The exchange:

WALLACE: "Seventeen significant errors in the FISA process, and you say that it was handled in a thoughtful and appropriate way."
COMEY: "He's right, I was wrong. I was overconfident in the procedures that the FBI and Justice had built over 20 years. I thought they were robust enough. It's incredibly hard to get a FISA. I was overconfident in those because he's right, there was real sloppiness. Seventeen things that either should have been in the applications or at least discussed and characterized differently. It was not acceptable, so he's right, I was wrong."

Why it matters: Inspector General Michael Horowitz determined that there were 17 errors and omissions in the FBI's applications for the surveillance of former Trump campaign aide Carter Page, including the altering of an email by an FBI lawyer to exclude potentially exculpatory information.

  • Horowitz said at a hearing on Capitol Hill last week that no one who "touched" the surveillance process should feel "vindicated."

The big picture: Comey argued, however, that the central conspiracy that President Trump and his allies have pushed about the Russia investigation — that it was a "treasonous" attempt by the FBI to overthrow the president — was "nonsense." Horowitz concluded that there was no evidence of political bias in the FBI's opening of the investigation.

  • This finding has been disputed, however, by Attorney General Bill Barr, whom Comey criticized for suggesting that the FBI's errors were "intentional" and politically motivated.
  • "He does not have a factual basis as the attorney general of the United States to be speculating that agents acted in bad faith," Comey said. "The facts just aren't there. Full stop. That doesn't make it any less consequential, any less important, but that's an irresponsible statement."

Comey also addressed claims Trump made at a rally this week that the Russia investigation "destroyed" the lives of many people, admitting that Page was treated unfairly and that his name never should have become public. He countered, however, that Trump's "lies" about the FBI were also deeply harmful:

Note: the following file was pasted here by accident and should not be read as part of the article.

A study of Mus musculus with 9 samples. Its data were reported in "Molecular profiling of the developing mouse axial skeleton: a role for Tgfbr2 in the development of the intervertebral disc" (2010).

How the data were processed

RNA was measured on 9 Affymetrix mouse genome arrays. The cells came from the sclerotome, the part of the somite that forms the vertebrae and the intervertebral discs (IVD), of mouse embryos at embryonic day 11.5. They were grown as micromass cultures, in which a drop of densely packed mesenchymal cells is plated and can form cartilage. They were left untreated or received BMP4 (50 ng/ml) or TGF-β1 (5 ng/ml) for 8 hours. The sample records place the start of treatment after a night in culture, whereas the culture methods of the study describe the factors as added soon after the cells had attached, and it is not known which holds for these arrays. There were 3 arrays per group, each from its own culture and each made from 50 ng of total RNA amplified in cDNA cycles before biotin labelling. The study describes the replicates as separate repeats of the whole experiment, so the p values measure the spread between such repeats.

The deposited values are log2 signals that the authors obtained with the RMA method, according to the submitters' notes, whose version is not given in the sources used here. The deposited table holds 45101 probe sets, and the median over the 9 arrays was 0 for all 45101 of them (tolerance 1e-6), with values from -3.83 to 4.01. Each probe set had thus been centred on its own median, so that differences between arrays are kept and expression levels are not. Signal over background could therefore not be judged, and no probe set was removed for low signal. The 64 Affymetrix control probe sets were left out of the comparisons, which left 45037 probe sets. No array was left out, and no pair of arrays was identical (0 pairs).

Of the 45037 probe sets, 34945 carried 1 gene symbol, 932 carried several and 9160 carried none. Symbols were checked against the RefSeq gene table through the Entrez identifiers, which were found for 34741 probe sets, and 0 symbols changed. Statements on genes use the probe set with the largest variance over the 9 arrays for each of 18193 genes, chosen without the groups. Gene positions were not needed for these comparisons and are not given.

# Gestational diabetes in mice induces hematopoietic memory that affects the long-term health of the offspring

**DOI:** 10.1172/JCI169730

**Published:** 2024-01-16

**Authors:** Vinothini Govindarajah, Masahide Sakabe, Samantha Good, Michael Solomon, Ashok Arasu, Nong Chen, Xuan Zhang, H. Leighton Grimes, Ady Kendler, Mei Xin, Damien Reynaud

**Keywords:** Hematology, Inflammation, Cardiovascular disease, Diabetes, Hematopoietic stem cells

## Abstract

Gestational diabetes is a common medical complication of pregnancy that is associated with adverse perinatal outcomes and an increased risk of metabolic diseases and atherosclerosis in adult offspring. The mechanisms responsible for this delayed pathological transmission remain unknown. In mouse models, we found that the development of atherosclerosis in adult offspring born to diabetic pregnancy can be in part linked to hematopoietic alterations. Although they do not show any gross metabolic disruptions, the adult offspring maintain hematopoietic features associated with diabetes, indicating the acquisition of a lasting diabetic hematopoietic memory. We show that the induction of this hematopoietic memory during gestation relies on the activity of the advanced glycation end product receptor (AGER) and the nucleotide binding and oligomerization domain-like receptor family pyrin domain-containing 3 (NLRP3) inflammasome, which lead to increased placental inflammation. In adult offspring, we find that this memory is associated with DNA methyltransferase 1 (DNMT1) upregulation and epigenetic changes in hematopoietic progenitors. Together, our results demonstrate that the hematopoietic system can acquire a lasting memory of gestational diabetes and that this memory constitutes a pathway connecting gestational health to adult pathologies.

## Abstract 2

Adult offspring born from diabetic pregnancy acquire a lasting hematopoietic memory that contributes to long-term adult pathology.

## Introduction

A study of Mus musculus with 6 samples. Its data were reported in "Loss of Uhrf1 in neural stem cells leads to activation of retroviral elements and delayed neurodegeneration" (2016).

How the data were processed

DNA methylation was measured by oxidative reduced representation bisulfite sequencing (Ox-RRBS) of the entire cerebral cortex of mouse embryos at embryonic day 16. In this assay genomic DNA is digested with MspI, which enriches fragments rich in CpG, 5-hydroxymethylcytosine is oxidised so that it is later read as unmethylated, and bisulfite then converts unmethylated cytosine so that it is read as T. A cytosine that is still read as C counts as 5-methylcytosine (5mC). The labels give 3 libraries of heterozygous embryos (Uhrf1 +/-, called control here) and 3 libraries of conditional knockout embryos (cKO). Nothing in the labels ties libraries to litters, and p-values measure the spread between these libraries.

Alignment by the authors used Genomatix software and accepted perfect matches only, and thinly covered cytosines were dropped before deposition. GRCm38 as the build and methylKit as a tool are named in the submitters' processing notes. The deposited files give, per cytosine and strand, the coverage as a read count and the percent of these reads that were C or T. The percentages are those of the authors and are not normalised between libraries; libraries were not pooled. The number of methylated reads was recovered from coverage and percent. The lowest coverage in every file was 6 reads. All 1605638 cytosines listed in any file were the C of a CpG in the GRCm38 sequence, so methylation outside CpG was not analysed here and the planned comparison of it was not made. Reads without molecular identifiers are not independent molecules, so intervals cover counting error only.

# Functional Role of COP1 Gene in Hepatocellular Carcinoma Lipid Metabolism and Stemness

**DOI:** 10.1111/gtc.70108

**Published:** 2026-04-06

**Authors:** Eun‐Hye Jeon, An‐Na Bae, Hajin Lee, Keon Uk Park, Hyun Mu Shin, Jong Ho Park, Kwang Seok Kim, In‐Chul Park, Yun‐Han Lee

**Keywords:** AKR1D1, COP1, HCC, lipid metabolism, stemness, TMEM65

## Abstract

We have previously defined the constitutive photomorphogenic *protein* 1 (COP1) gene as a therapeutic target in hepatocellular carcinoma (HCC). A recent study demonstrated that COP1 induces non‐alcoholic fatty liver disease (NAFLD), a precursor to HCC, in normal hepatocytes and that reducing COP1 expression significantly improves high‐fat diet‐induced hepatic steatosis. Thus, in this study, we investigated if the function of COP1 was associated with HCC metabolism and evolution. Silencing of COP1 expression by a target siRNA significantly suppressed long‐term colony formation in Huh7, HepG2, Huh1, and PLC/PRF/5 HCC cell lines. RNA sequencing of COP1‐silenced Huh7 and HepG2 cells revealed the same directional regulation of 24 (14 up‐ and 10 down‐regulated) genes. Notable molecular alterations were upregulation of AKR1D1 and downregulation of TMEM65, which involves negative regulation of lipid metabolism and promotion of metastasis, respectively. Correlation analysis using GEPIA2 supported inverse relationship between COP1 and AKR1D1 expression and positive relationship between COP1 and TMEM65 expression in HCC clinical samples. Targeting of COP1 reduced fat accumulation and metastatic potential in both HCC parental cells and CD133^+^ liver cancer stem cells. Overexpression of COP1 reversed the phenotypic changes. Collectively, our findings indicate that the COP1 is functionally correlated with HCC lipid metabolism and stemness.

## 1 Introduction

"The FBI is an honest, apolitical organization. Remember the treason, remember the spying, remember all of us going to jail. That was false information that your viewers and millions of others were given. ... Now I'm saying on behalf of the FBI: It was all made up. And I hope people will stare at that and learn about what the FBI is like — human and flawed, but deeply committed to trying to do the right thing."

Go deeper:

Go deeper

Franklin Graham worries Trump too old to run in 2024

Graham and Trump at a rally in 2017. Photo: Ralph Freso/Getty Images

The Rev. Franklin Graham says a potential 2024 presidential bid by Donald Trump would "be a very tough thing to do," the prominent Christian leader told "Axios on HBO."

Why it matters: Graham, the president of the Billy Graham Evangelistic Association and Samaritan's Purse, was among Trump's earliest and most prominent evangelical defenders.

4 mins ago - Health

Franklin Graham would help Biden persuade evangelicals on vaccines

The Rev. Franklin Graham would be happy to work with the Biden administration on encouraging evangelicals to get COVID vaccines, he told "Axios on HBO."

  • "I would work with the Biden administration. I would work with the CDC. I would work with all of 'em to try to help save life," he told Axios' Mike Allen.

Why it matters: Evangelicals have expressed high levels of vaccine hesitancy.

5 mins ago - World

Most of Congress silent on Israeli-Palestinian fighting

A Palestinian boy mourns an airstrike victim on Sunday. Photo: Mahmud Hams/AFP via Getty Images

The pitched criticism by conservatives over progressive outrage about the fighting between Israelis and Palestinians overshadows a larger silence by the vast majority of Congress.

Why it matters: In the largely permissive environment, the government of Israeli Prime Minister Benjamin Netanyahu is ratcheting up its military engagement in Gaza. The death toll is rising, and a spectacular weekend attack leveled a building housing the Associated Press and other outside media.